Creating wealth may come in different forms. Many choose the path of setting up their own enterprises. However, this option can be very risky, especially for people with minimal capital. For this reason, trading corporate stocks has become more and more popular in recent years. Its popularity has reached, not only, high-income individuals, but also, middle and even low-income earners.

Stocks, according to the Investopedia, represent a person’s share of ownership in a corporation. Furthermore, it also represents the stockholder’s portion in the division of company assets and profits. There are various types of stocks, such as ordinary stocks, preferred stocks, redeemable stocks, and more.

Trading stocks is generally less risky than setting up your own business. One key reason is that the maximum amount a stockholder may lose when trading stocks is their investment. Another reason would be that setting up a business requires more time and expertise.

One common issue stock traders face is determining whether their investment constitutes debt or ownership. There are significant differences between these two. This fact is most especially true when it comes to interests and profit-sharing. To help you understand more about this topic, you can read this article Dave Strausfeld posted on the Journal of Accountancy last May 14, 2020.

Final regs. clarify when interest in corporation is stock vs. debt

The IRS on Wednesday issued final regulations (T.D. 9897) regarding the classification of certain related-party interests in corporations as stock vs. indebtedness. 

The distinction between debt and equity can have important tax consequences because, for instance, a corporation can deduct interest payments but not distributions. Under Sec. 385, Treasury is authorized to prescribe rules to determine whether an interest in a corporation is treated as stock or indebtedness (or as in part stock and in part indebtedness). Click here to read more…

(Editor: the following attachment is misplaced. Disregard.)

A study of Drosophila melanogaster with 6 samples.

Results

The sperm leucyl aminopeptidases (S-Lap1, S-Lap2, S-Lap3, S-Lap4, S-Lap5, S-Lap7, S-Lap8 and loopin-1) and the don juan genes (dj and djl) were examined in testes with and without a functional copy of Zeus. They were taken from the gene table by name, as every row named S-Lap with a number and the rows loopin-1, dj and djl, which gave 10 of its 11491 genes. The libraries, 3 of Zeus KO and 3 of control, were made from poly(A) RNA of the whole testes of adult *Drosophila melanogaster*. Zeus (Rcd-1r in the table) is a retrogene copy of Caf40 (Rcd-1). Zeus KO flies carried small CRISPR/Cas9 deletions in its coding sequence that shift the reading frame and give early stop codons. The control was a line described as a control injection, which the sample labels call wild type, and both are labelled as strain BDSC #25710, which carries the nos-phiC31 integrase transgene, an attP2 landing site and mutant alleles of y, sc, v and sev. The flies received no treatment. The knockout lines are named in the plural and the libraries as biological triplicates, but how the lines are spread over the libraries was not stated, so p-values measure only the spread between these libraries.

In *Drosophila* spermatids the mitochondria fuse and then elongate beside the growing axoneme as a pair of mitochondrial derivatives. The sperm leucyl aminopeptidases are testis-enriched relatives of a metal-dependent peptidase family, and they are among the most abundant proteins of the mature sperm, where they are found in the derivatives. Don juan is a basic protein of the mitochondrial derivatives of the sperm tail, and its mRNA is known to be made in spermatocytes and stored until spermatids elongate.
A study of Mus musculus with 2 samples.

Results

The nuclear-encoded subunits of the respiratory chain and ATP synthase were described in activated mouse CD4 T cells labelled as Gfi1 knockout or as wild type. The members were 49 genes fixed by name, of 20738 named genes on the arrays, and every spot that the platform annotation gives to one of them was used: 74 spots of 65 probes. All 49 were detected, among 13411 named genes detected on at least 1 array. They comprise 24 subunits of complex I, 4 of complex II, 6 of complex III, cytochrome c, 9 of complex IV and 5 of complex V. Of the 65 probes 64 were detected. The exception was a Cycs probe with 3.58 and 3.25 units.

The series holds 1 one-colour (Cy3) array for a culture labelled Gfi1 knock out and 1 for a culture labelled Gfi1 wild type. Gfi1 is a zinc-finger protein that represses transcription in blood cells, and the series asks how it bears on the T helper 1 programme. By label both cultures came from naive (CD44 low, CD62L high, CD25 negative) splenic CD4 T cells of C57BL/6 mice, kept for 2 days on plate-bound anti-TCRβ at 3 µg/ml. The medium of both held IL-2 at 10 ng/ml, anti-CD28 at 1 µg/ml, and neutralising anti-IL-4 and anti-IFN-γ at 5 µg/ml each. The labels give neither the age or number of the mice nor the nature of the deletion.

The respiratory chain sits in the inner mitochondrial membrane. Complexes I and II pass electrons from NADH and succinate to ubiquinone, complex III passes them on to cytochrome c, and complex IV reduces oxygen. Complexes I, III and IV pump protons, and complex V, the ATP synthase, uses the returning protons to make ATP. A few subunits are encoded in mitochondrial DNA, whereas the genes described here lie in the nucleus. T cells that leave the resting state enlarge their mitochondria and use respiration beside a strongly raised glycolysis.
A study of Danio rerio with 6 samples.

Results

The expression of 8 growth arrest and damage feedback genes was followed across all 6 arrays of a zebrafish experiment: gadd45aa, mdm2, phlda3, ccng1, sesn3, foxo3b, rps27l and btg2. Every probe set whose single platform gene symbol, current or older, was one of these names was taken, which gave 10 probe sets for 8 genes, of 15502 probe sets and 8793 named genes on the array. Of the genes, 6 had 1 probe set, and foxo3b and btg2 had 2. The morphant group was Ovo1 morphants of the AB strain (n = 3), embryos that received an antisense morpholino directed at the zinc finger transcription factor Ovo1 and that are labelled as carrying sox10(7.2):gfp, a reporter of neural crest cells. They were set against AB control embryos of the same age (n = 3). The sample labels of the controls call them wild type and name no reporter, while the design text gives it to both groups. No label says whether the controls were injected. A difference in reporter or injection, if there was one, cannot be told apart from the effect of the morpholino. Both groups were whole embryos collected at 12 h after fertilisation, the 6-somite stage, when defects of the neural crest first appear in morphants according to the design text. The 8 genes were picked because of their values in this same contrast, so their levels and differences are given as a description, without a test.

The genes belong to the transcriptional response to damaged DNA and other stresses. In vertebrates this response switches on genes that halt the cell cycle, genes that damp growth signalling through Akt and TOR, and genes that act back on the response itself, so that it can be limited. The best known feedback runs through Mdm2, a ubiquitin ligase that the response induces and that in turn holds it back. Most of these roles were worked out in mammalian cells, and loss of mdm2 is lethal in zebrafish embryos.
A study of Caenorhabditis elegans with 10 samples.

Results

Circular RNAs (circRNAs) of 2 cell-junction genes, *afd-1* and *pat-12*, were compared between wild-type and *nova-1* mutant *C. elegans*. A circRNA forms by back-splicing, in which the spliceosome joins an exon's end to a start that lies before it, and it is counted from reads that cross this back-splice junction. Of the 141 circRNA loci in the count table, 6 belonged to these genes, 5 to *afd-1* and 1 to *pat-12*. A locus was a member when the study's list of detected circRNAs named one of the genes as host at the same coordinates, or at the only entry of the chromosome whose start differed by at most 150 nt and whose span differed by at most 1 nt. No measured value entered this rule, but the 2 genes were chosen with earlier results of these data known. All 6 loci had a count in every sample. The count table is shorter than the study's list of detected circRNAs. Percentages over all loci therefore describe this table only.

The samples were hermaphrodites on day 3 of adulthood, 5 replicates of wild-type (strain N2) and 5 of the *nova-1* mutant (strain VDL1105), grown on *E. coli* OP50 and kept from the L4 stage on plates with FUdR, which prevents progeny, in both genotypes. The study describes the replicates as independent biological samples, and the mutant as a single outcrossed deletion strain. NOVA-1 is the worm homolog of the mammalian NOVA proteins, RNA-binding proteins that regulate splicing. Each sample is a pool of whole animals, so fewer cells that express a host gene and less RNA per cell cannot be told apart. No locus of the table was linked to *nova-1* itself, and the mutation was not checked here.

There are a few tricks you need to learn if you’re set on becoming a stock trader. For example, you must understand how stock prices fluctuate. The usually boring finance section of newspapers is now your best friend in trading. There is also some math behind stock trading. So, it would be helpful to dust off your old and trusty calculator. 

There are two basic categories that you may fall into if you decide to play with the stock market. These categories are short-term and long-term trading. Whatever category you may fall into, getting access to real-time stock prices is crucial. This knowledge will help you decide which stocks to buy and which ones to sell.

There are plenty of platforms that you can use to access this data. With these platforms, you can devise your own strategies and techniques. You can even use Microsoft Excel to get these prices. Here is an article that provides step-by-step instructions on how you can use this feature. It was posted by Carlton Collins last October 1, 2019 on the Journal of Accountancy. 

How to access Excel’s revived real-time stock prices

Q. What happened to Excel’s ability to import stock prices? That functionality seems to have vanished. 

A. Many CPAs treasured the ability to link real-time stock prices in Excel, but Microsoft removed this functionality a couple of years ago, reportedly because it was not fully compatible with Office 365. I’m happy to report that Microsoft has now brought back real-time stock prices, but they are available only in Office 365, and the steps for creating such a link are different, as illustrated in the following simple example. Click here to read more…

If and when you decide to become a stock trader, we at AldarisCPA can guide you in planning your endeavor. Our top-notch financial experts can give you hints on how to pick the best companies to invest in. We can also help you with the tax implication of stock trading. Contact us now to learn more!